RSF Leader: Armed Groups Responsible for Escalation in Sudan's El Fasher

Commander of Sudan’s Rapid Support Forces (RSF) Mohammed Hamdan Daglo in southern Darfur. (AFP file photo)
Commander of Sudan’s Rapid Support Forces (RSF) Mohammed Hamdan Daglo in southern Darfur. (AFP file photo)

Commander of Sudan’s Rapid Support Forces (RSF) Mohammed Hamdan Daglo in southern Darfur. (AFP file photo)
Commander of Sudan’s Rapid Support Forces (RSF) Mohammed Hamdan Daglo in southern Darfur. (AFP file photo)

Commander of Sudan’s Rapid Support Forces (RSF) Mohammed Hamdan Daglo, also known as Hemedti, slammed on Sunday the “popular resistance,” saying they were a cover for the brigades of the ousted regime and whose members were from the army and other security forces.

In a voice recording on Eid al-Adha, he congratulated the Sudanese people on the occasion, saying their country was “going through extraordinary circumstances because of the war that was sparked by the Islamist movement with the help of the army command.”

This was Daglo’s first address to the public in two months.

“We are pained by the conditions our citizens are going through and we are working on easing their suffering to achieve peace and stability and ensure the delivery of humanitarian aid,” he went on to say.

On the situation in El Fasher, the capital of North Darfur state, Daglo blamed the escalation there on armed factions “that have abandoned neutrality and chosen to side with their slaughterer.”

“They attacked our forces, so we had no choice but to defend ourselves,” he stressed.

He said the development in Wad al-Noura in al-Jazirah state was a military battle between the RSF, army, Islamist movement brigades and the security agency. He declared that the RSF succeeded in deciding the battle in its favor.

Clashes in the rural town have left over 100 people dead and injured.

Daglo stressed the importance of opening humanitarian corridors to deliver aid to the people. “We reject the practices committed by the gang in Port Sudan,” he added, in reference to the army.

He blamed the military for impeding the delivery of aid throughout Sudan, accusing it of war crimes.



Sudan's RSF Agrees with UN on Steps to Ease Aid Delivery

Sudanese farmers plow a field on the outskirts of Sudan's eastern city of Gedaref on July 18, 2024. (Photo by AFP)
Sudanese farmers plow a field on the outskirts of Sudan's eastern city of Gedaref on July 18, 2024. (Photo by AFP)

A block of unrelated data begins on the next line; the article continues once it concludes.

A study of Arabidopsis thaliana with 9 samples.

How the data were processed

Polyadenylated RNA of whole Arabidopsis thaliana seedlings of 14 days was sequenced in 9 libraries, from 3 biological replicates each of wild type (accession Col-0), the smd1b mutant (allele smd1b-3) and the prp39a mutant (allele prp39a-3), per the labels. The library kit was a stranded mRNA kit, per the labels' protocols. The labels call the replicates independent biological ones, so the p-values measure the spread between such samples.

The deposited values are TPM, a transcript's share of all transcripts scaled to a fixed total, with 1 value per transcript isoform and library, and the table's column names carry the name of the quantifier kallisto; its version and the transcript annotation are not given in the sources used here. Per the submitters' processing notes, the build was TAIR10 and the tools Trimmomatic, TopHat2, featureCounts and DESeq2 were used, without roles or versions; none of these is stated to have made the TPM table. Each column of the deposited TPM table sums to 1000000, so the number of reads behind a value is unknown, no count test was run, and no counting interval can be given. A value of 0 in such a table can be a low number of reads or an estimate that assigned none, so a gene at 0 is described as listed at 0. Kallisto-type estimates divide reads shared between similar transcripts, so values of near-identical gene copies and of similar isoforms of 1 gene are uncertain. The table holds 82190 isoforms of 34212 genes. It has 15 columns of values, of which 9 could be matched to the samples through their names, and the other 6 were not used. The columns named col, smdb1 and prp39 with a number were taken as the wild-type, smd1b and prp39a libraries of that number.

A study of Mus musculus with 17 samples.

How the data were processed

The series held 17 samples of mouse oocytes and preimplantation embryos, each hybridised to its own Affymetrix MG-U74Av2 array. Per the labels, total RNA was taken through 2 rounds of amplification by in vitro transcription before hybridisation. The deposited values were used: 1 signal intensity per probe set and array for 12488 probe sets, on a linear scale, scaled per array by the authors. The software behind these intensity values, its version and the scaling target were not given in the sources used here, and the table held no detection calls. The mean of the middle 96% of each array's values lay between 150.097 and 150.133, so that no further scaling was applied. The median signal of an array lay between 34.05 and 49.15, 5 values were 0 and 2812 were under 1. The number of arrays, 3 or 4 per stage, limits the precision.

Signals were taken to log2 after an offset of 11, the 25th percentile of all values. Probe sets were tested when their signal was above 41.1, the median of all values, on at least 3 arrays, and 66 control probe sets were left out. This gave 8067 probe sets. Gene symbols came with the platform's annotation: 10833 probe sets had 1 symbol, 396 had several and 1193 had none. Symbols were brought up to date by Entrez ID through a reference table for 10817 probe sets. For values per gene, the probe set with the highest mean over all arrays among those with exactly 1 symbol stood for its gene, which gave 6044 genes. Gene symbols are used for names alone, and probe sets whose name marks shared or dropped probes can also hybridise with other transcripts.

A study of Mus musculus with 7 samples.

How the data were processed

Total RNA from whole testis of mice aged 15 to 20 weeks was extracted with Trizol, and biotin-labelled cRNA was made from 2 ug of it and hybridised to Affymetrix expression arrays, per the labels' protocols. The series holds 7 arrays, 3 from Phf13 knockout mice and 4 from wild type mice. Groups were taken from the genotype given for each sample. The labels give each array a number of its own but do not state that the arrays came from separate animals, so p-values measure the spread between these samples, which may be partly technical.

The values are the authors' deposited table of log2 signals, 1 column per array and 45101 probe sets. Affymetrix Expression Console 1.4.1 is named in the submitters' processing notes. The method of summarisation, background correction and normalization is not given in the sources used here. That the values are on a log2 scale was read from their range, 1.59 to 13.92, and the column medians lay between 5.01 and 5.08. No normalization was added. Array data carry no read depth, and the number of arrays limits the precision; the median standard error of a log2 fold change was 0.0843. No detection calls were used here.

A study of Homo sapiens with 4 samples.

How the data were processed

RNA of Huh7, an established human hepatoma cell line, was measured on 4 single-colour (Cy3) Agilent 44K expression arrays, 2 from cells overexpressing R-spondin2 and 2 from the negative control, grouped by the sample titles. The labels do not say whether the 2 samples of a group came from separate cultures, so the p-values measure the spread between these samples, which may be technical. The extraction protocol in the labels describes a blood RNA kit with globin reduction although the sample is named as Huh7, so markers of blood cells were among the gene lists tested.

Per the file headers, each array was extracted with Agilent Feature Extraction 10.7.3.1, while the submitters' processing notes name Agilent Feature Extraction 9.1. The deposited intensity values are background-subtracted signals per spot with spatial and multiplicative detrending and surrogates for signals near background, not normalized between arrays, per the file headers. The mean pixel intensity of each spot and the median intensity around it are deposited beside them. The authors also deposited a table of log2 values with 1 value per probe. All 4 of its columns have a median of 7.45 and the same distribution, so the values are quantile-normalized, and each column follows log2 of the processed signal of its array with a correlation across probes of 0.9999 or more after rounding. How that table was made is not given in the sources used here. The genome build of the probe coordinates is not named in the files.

Sudanese farmers plow a field on the outskirts of Sudan's eastern city of Gedaref on July 18, 2024. (Photo by AFP)
Sudanese farmers plow a field on the outskirts of Sudan's eastern city of Gedaref on July 18, 2024. (Photo by AFP)

Sudan's Rapid Support Forces agreed with the United Nations on some steps to ease aid delivery in areas under its control, a member of the RSF told Reuters on Thursday.

The Sudanese army has not reached any understandings on aid delivers with the RSF, he added. It is unclear if these steps could be implemented without the army's participation.

Meanwhile, a key supply route into Sudan's Darfur region, deemed at risk of famine by a global monitor, has been cut off due to heavy rains, a World Food Program official told Reuters on Thursday.
The UN agency has described Sudan as the world's biggest hunger crisis, with the western Darfur region most at risk as Sudan's 15-month civil war that has displaced millions and sparked ethnic violence grinds on.
WFP's Country Director Eddie Rowe said thousands of tons of aid are stranded at the Tina crossing on the Chad border, prompting the body to reopen talks with the army-aligned government to open an alternative, all-weather crossing further south called Adre.
"You have these huge rivers. As I speak now, our convoy, which is supposed to move over 2000 metric tons is stranded," he told Reuters from Port Sudan. Asked on the status of the talks that resumed this week, he said: "It's 50/50.”
WFP is now seeking clearances to move a large 70-truck convoy via a little-used, over 1000 kilometer route from Port Sudan to Darfur which Rowe said will involve crossing the battle lines of both the Sudan Armed Forces, the Rapid Support Forces and various militias.
He added that this mostly desert route has worked in the past but outside of the rainy season and that the last journey took weeks and was "fraught with a lot of challenges.”
In a separate interview, Mona Rishmawi, a member of the UN Fact-Finding Mission on Sudan, told Reuters that she had met Darfur refugees in Chad who told her stories of escaping with virtually no water and eating grass along the route. "There's no doubt that people are starving," she said.